Paris Photo

These are a  fair few things that I liked at Paris Photo. First of all, these sewn collages by Annegret Soltau. When I was walking by these, a kid saw them, gasped, ran to his mum and said "Mum, this is scary!"

And so it is!

The first thing I saw when I walked in the Grand Palais was a picture of Yukio Mishima by Eikoh Hosoe. This is from Ordeal by Roses and Mishima is looking well-hard, but there was a lot of Hosoe around the Grand Palais. And big. And I would have bought it if circumstances were three zeroes different.

Antonio Lopez's grids were stunning and fun.

Macron was there, but even better was accidentally running into Mathieu Asselin shaking hands with his friend The Minister of Culture and Minister of Work with Sam Stourdze in attendance. 

The most beautiful presentation award, by popular acclaim, goes to this shelf of Masao Yamamoto. Presented in glass, they were both delicate but also organic. The photograph as object really comes alive. Done wrong it could go a bit IKEA. And it will go a bit IKEA with some people, but here it was special.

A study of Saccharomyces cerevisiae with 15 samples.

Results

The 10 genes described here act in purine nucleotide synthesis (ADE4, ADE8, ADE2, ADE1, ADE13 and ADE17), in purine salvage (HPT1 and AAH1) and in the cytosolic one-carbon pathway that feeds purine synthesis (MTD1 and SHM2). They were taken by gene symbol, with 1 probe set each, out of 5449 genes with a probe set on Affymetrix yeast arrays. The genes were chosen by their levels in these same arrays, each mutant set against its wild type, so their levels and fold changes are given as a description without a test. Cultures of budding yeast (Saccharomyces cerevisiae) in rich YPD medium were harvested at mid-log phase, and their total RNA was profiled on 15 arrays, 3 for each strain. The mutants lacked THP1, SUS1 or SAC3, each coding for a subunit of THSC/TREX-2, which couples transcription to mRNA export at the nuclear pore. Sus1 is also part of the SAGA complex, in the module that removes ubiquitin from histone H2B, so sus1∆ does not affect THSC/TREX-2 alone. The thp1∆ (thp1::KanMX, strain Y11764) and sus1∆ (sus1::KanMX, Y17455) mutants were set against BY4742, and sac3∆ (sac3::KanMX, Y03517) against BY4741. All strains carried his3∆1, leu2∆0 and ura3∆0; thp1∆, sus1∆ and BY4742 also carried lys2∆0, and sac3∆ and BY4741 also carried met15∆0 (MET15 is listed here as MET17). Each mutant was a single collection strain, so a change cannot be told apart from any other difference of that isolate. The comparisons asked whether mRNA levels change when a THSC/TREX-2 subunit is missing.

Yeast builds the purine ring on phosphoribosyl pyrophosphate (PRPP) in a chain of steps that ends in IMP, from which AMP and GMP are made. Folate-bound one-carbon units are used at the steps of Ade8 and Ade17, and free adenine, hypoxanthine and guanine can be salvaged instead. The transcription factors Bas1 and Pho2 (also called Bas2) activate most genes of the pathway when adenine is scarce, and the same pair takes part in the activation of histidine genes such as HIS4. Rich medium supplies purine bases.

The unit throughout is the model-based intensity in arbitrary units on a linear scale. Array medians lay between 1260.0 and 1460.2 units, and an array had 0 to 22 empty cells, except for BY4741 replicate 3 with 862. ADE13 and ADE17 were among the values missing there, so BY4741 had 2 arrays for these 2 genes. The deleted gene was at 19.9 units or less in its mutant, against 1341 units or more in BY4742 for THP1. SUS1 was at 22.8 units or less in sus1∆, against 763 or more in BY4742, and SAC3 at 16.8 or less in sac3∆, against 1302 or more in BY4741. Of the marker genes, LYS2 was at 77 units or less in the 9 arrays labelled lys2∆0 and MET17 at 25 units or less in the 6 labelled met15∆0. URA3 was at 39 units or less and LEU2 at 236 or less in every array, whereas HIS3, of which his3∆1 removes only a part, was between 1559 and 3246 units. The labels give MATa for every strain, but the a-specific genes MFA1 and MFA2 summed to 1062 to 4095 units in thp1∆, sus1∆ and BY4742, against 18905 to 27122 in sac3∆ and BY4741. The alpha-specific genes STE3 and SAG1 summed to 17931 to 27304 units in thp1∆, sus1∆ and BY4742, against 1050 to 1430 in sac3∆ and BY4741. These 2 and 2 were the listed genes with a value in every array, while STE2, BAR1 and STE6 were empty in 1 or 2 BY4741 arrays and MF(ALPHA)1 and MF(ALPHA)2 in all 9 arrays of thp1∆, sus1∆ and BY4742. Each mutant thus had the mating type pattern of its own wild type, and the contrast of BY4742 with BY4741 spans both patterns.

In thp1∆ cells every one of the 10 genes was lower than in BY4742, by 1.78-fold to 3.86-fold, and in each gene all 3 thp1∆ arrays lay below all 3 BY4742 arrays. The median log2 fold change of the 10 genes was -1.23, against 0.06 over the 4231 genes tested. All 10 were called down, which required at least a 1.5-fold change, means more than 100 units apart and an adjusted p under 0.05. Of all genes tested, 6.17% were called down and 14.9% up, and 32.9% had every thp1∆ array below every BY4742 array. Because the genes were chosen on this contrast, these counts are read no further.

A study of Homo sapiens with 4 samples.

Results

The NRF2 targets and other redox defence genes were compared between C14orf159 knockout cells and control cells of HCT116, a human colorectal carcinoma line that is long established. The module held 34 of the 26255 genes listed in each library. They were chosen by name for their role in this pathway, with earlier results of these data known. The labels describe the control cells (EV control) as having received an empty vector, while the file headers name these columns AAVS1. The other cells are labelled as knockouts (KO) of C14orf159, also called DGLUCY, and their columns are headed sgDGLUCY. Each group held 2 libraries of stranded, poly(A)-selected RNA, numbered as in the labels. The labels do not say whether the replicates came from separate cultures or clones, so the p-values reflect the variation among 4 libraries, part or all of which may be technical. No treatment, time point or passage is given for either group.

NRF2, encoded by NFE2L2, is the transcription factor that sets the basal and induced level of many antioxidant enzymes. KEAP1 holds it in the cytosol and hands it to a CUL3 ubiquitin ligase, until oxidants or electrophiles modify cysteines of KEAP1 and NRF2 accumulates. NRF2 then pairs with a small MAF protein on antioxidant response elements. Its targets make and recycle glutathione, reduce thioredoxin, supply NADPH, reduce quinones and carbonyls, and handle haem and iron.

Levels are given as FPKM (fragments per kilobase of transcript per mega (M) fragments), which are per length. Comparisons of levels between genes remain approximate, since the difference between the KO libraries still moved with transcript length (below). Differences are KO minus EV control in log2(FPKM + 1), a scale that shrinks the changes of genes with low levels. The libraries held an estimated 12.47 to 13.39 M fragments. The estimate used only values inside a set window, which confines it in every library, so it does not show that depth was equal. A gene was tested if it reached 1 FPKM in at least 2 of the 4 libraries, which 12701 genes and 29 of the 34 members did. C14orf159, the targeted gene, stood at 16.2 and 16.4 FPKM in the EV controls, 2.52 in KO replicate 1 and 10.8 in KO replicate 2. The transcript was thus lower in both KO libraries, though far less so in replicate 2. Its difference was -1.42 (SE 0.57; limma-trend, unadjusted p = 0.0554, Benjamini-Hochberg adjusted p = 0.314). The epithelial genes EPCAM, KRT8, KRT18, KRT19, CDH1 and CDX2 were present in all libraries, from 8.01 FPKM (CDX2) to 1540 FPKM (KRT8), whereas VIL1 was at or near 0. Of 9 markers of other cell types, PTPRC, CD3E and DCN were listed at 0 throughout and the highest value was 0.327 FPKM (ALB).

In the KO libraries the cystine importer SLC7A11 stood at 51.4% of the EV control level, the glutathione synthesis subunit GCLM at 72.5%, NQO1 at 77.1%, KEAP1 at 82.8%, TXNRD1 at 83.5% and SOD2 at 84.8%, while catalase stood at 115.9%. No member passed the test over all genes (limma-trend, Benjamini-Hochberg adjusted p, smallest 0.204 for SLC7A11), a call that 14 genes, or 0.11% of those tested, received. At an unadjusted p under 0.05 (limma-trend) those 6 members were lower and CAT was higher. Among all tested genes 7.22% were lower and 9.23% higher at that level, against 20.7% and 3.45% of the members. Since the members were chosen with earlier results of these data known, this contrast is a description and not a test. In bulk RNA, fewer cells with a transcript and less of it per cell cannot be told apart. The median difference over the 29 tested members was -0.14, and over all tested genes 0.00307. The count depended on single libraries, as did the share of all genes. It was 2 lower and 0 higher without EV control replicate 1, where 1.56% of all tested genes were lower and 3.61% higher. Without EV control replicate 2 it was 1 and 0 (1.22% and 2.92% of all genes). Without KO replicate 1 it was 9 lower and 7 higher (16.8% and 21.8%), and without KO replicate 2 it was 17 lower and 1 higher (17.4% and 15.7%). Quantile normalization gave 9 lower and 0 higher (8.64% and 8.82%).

The mass of images and the apparent randomness of what is shown in some booths can be overwhelming at times. It was hard to settle at times. So it was really beautiful to see the East Wing Gallery showing just one set of prints: Astres Noirs by Katrin Koenning and Sarker Protick. This was an almost meditative space amidst the madness and though I missed Sarker, it was really lovely to finally meet Katrin. 

Kazuma Obara's new book 30, published by Editorial RM (sorry I can't find the link). I've got the original handmade book which is a thing of beauty and what Editorial RM have done to reproduce it is quite amazing, as it was with Silent Histories.

The emphasis on the material of the image continued throughout the hall with pictures presented above mounts, with edges, and a certain roughness showing. There was supremely subtle framing of smaller images, and then you got those where the process was central to what was on display The photogravures by Susan Derges were very special with glorious greys and pages almost resting on the mount.

And lastly there was this by Boris Ignatov. Just fabulous.